By Gary Alexander
It is a paradoxical truth that tax rates are too high and tax revenues are too low and the soundest way to raise revenues in the long run is to cut rates now…to achieve a more prosperous, expanding economy….
- President John F. Kennedy at a news conference, November 20, 1962.
After two weeks of controversial Executive Orders and nocturnal tweets, Week #3 of the Trump era took a positive turn after the President mentioned his tax cut plans last Thursday, fueling a late-week market surge.
According to Bloomberg ("White House: Cohn-Led Tax Plan is Real and it's Phenomenal," February 10, 2017), Trump's tax plan, to be released in two or three weeks, will be "the most comprehensive business and individual tax overhaul since 1986." That's saying something, since the landmark 1986 tax bill cut many deductions and reduced the top rate to 28% for the rich, 15% for the middle class, and 0% for the poor.
The major historical tax cuts of the 1920s, 1960s, 1970s, and 2000s each fueled rapid economic and stock market gains. In three of those instances, Republicans were in the White House (Coolidge in the 1920s, Reagan in the 1980s, and George W. Bush in the 2000s), but the 1960s tax cuts came under the Democrats.
The Kennedy-Johnson tax cuts ("The Revenue Act of 1964"), signed into law February 26, 1964, cut the top rate from 91% to 70%, while all other rates fell and a standard deduction was added. Prosperity soon erupted: The jobless rate fell from 5.2% in 1964 to 3.8% in 1966 and 3.5% in 1969, the lowest rate in the last 50 years. Initial fears of a loss of revenue were forgotten when tax revenues increased each year.
The fastest-growing economy of the last 70 years came in the Kennedy-Johnson years of the 1960s:
According to data from the Bureau of Economic Analysis, the average annual GDP growth in Obama's eight years was worse than all other postwar presidents. The average growth rate in Obama's tenure was 1.46%. Even worse, Obama is the only president since Hoover who did not have a single year when the economy grew at a 3% rate. By contrast, Clinton and Reagan each had six (of eight) years with growth over 3%. Even George W. Bush, whose years included the 2008 crash, had two years of over 3% growth.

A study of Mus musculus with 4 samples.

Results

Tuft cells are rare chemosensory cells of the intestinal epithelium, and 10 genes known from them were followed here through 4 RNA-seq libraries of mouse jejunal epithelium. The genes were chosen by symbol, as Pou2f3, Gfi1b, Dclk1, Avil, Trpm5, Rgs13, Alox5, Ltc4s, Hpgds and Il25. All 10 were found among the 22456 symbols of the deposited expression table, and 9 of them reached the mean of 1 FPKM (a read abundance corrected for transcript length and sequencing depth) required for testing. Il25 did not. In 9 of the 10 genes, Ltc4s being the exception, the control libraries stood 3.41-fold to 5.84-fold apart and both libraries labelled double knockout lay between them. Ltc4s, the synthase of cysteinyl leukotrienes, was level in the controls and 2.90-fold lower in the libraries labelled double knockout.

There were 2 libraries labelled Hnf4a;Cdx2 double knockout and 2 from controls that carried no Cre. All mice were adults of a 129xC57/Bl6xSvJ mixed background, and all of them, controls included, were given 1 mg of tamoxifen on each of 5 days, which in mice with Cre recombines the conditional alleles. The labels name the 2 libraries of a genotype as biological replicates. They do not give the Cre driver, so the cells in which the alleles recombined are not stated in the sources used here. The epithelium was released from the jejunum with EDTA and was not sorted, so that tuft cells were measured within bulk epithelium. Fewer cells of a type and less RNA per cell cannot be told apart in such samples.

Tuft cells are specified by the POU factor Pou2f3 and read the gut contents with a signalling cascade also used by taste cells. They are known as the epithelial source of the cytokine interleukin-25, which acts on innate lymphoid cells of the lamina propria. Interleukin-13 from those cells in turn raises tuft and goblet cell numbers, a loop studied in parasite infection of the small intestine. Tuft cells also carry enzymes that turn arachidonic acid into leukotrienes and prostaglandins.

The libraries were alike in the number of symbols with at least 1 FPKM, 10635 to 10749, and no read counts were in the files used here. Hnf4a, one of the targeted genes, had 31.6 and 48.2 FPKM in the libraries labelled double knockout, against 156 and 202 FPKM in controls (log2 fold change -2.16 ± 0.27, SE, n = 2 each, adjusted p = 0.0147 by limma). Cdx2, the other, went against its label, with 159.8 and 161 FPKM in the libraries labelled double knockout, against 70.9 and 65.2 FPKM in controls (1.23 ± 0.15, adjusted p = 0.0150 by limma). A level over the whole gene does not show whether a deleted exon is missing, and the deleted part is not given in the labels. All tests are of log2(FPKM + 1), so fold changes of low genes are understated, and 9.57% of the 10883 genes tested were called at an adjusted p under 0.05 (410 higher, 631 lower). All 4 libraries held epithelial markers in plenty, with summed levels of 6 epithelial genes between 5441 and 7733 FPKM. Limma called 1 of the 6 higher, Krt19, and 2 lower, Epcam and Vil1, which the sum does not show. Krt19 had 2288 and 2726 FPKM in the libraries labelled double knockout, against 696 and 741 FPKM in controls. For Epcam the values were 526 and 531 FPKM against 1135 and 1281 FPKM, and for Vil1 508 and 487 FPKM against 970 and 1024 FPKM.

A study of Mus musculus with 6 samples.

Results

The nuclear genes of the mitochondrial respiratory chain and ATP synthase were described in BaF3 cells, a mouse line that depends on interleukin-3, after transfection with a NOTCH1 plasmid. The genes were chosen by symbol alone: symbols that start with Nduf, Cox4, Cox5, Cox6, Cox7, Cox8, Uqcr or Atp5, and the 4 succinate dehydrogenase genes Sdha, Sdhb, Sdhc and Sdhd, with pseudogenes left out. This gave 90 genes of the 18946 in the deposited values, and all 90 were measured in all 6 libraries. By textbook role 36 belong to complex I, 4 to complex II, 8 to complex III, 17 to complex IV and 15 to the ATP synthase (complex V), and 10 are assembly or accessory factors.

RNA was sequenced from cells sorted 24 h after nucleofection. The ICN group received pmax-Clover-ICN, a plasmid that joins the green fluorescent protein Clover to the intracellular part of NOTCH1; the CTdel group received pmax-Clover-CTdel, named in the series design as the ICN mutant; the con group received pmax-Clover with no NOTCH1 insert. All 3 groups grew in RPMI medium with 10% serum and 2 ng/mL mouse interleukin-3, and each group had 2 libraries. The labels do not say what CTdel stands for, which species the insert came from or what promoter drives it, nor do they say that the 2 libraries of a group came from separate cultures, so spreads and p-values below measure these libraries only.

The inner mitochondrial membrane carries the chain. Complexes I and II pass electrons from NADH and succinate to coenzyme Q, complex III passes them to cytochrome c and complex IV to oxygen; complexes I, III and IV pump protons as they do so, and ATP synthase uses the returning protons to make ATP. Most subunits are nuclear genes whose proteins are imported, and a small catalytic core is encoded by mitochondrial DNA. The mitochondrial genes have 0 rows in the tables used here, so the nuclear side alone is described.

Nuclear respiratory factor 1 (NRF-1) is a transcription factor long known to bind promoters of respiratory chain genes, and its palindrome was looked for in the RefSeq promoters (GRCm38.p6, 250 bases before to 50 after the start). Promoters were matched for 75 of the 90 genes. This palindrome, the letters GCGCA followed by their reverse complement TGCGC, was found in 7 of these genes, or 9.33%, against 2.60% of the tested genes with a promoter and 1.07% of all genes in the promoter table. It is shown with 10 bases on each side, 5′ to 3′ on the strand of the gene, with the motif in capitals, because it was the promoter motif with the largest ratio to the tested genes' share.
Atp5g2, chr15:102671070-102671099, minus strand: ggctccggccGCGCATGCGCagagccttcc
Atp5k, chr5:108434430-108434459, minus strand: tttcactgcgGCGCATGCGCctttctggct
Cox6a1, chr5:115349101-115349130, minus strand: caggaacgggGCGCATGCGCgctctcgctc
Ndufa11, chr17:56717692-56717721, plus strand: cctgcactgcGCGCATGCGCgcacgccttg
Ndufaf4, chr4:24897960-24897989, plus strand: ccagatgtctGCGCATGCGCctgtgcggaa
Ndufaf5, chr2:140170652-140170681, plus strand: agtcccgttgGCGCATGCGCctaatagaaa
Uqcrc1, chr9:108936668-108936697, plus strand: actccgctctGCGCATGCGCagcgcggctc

Obama's apologists say that he inherited the 2008 financial crisis, but Reagan inherited a double-dip recession (1979-80 and 1981-82), in which interest rates, inflation, and unemployment rates were all over 10% in his first years, yet his series of tax cuts still fueled the strongest recovery since the 1960s.
Lower Tax Rates Spur Market Growth
Now for the investment payoff: The stock market surged during each of these four tax-cutting decades:
We could do just as well in the next four to eight years if we see major corporate tax rate cuts, including a token (10%) tax on corporate cash repatriated from lower-tax nations abroad. Too much corporate money is sitting in overseas bank accounts, since corporate profits are punished here at home. The U.S. has the highest corporate income tax rate in the developed world, at 39%, well above the OECD overage of 25%.
Ireland has staged a near-miraculous economic recovery by lowering its corporate tax rate to 13%. The U.S. would be far more competitive if our top tax rate were cut to 15%, near the Irish magic formula.
Corporate tax cuts are important for big business, but small businesses also need some relief on the regulatory front. This would help President Trump deliver on his promise of more jobs - specifically, 25 million new jobs in a decade! - since small and medium-sized businesses account for 90% of job growth.
ADP is the main source for logging private-sector payroll job creation statistics. Since ADP made their data available in 2005, small firms (under 50 employees) accounted for nearly half (48.7%) of all new hires. Medium-sized companies (50 to 499 people) accounted for another 41.3%, while large firms only attracted 10% of new hires. Specifically, small firms added 5.9 million jobs, medium-sized firms added 5.0 million jobs, and big firms added only 1.2 million to their payrolls. To treat smaller businesses fairly, Trump's people need to cut the cords of crony capitalism that feed the lobbyist army in The DC Swamp.
So far, small businesses are hopeful, as reflected in the 10.9-point jump in the NFIB Small Business Optimism Index over the last two months of 2016, reaching 105.8, the highest level since December of 2004. (Source for this segment: Ed Yardeni, "Entrepreneurial vs. Crony Capitalists," February 6, 2017)
Dow 20k - Just Another February Milestone?
The Dow Jones Industrial Average (DJIA, or "the Dow") has closed above 20,000 every day since February 3, 2017. Perhaps 20k will become the new floor in a long series of February Dow benchmarks:
- On February 28, 1964, the Dow surpassed 800for the first time.
- On February 9, 1966, the Dow hit a record 1,001, inter-day, but then it closed at 995. That's as close as the Dow got to the magic four-figure barrier for the next seven years.
- On February 24, 1983, the Dow first closed above 1,100. It seemed like a lofty peak back then.
- On February 23, 1995, the Dow closed above 4,000 for the first time.
- On February 13, 1997, the Dow-Jones industrials topped the 7,000 mark for the first time.
Source: The Almanac Investor
Disclosure: *Navellier may hold securities in one or more investment strategies offered to its clients.